Each of us is born with dreams, aspirations, goals and concrete ideas of what we want our future to be. Sometimes, however, we get caught up in experiences or phases that have the capacity to change everything. It could be a single event or chain of happenings, but the effect is enough to make us change our perception of things, our beliefs and even our personalities.
Lauretta Ani is a writer, public speaker and book blogger. A lover of reading and movies, she is also the author of the books “Dating, Courtship & Wedding Night Blues” and “How To Promote Your Book Through Book Bloggers”
“A Crown Of Beauty” is a novel whose time sequence stretches across nearly three decades, beginning from the 1980s. It is the story of Adaeze, a lady born to middle-class parents. She enjoys a pretty normal childhood, making friends, having crushes and all, until the death of her father, and unfortunately gets raped by her uncle. She endures a strained relationship with her mother from then on, goes through a crisis of faith and finds difficulty in processing her emotions generally.
The book, just a little over 120 pages long, highlights a number of themes, including friendship, love, the relevance of the family unit, religion and sexual abuse with the accompanying psychological trauma occasioned thereby. It also dwells on the culture of silence on the part of abuse victims, religious values in dating, the damaging effect of past sexual assault on future romance, trust issues, and sexual compatibility in marriage.
“A Crown of Beauty” seems pretty faith-based, and the choice of words therein is “safe”. It will appeal to teenagers and young adult Christians who may have become disillusioned and /or lost their faith in God due to one major challenge or some ugly experience. The book is about rising from the ashes, learning to love again, forgiving, letting go, moving on from the past and conquering shame. Feminists and a few other progressives would have reservations about the heavy emphasis on marriage, but they would nod at the author’s attempt to stress on openness about sexuality and unwanted physical contact.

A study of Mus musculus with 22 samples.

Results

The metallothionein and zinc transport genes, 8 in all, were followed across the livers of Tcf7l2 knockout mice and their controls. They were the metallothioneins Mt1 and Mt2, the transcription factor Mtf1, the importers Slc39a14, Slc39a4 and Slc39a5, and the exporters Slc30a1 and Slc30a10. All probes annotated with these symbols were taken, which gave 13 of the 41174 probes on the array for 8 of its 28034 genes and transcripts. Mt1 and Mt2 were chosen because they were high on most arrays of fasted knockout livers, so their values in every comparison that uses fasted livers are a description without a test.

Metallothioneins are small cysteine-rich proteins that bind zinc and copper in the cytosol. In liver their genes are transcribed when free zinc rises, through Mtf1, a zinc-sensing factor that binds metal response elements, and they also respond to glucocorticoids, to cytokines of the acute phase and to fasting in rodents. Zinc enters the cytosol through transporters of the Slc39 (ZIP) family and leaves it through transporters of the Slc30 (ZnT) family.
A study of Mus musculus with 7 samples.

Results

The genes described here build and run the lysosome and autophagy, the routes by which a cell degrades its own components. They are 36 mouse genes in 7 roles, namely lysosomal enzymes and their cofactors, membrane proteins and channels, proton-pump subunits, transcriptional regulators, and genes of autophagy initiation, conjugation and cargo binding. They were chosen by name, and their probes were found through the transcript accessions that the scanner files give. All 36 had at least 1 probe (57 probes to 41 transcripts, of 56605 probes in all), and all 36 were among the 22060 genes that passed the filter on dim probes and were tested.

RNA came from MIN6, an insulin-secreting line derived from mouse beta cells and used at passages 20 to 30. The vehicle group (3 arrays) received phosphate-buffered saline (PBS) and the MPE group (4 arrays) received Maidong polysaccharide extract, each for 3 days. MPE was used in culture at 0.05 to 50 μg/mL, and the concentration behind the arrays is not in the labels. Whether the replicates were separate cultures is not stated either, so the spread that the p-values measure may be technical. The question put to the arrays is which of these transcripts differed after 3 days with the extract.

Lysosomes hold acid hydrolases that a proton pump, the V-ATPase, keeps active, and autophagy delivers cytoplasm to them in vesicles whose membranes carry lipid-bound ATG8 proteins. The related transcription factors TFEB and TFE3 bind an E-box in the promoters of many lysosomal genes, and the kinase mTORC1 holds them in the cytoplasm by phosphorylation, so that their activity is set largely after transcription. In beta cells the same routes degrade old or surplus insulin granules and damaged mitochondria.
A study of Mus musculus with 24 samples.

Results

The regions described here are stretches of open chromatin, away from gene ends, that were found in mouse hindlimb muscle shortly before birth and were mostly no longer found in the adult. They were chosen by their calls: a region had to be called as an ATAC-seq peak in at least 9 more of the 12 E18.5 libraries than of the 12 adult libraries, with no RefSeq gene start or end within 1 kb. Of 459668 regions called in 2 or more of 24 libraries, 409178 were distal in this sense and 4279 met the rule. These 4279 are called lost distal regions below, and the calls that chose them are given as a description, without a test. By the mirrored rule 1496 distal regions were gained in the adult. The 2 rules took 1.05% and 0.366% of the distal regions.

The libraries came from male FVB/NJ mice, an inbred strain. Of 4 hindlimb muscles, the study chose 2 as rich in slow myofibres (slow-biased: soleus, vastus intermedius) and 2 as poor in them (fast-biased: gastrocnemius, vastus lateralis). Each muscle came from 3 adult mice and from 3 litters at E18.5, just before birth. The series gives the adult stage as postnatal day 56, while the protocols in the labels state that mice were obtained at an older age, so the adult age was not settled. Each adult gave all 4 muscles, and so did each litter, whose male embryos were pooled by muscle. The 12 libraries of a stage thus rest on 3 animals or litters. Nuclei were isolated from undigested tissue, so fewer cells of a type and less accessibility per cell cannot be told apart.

From a narrative point of view though, there is much to be desired. The language is too basic, the style too “pedestrian”, and it has to be said that modern African writing has moved on from this. In her defence, the author may be rusty, and in need of a creative workshop; cynics and literary purists will sneer at the pages. The content is rich, but delivery is a tad weak.
There seems to be some shakiness in navigating the time capsule too. According to the book, the heroine was born in 1980, and I am not really sure if people had individual email addresses in the early 1990s. The transition in events is far from smooth, and the resolution seemed a bit rushed.
Ultimately, “A Crown of Beauty” is not the novel to yank from a bookshelf if you are looking for mind-blowing fictional writing, but it definitely has its target audience, and that should suffice. It preaches hope, it preaches recovery, and for many broken souls out there, that is pretty much what is needed.
Jerry Chiemeke is a lawyer who resides in Lagos. His works have been featured in The Kalahari Review and Brittle Paper. His editorials have also appeared on True Nollywood Stories and he is currently a book reviewer on literary blog Bagus Mutendi. He recently published his first book, “The Colours In These Leaves”.